Gestation classroom exercise
#Objective We are learning about univariate descriptive plots and statistics: the histogram, box-and-whisker plot, mean, pecentiles, standard deviation. Additionally, we emphasize that plotting is the first step to understanding your data. The distinction between descriptive/inferential statistics is something we’ve talked about - the last question is supposed to inspire some critical thinking.
#Setup I sampled 80 babies from the “Birth Weight II” data set at Deborah Nolan and Terry Speed’s Stat Labs website. For each baby, I wrote its gestation length (in days) on a cheap white poker chip. The chips were placed in one communal basket at the head of the class - each team sent a sampler and a recorder up to draw their sample. I assigned different sample sizes to each group (11, 15, or 19, to make quartiles easy).
Sample your data
Your group has been assigned a sample size. From the central urn, draw your sample with replacement:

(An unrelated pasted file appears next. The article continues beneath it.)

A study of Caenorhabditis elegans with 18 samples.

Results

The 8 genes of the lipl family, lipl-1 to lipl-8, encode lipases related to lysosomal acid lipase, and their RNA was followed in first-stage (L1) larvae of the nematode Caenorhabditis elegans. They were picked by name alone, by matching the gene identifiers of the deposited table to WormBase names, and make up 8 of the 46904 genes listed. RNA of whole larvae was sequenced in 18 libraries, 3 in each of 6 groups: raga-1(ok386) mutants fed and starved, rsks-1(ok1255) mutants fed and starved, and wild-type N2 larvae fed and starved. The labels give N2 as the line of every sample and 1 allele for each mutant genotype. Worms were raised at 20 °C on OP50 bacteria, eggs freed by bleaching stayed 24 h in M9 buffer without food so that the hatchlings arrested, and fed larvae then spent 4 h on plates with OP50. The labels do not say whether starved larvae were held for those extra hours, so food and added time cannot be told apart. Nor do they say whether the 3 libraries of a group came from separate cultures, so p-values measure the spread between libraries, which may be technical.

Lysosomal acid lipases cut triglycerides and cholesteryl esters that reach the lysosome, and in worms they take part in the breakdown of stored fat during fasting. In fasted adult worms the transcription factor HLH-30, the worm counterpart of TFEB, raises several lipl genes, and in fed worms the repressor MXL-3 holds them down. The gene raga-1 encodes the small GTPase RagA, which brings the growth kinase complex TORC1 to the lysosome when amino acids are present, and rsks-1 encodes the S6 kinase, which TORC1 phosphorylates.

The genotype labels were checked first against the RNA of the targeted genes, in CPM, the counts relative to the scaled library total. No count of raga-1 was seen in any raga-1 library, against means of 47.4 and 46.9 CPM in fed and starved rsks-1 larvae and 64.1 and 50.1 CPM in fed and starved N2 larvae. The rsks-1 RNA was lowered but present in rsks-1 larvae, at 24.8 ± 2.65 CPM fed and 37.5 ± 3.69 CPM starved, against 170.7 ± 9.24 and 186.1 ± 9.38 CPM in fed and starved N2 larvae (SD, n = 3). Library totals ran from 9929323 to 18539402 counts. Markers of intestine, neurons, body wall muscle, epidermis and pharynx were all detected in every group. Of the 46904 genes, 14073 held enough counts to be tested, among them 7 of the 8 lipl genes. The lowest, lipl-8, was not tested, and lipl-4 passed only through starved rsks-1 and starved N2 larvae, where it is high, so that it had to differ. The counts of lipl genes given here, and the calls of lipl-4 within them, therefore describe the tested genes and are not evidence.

- Grab one chip from the urn
- Note the gestation length written on the chip and add it to your list.
- Return the chip the the urn and repeat.
Calculate summary statistics
Calculate the min, max, mean, median, first and third quartile, IQR, and standard deviation.
Plot the data
Based on your sample, make a box-and-whisker plot of gestation period. Annotate it with the statistics you calculated in the previous step. How many of the samples were within one standard deviation of the mean?
Answer each of the following in about two sentences:
- Describe one way in that your work is descriptive statistics.
- Argue for why this is actually inferential statistics, and describe the population that your sample represents.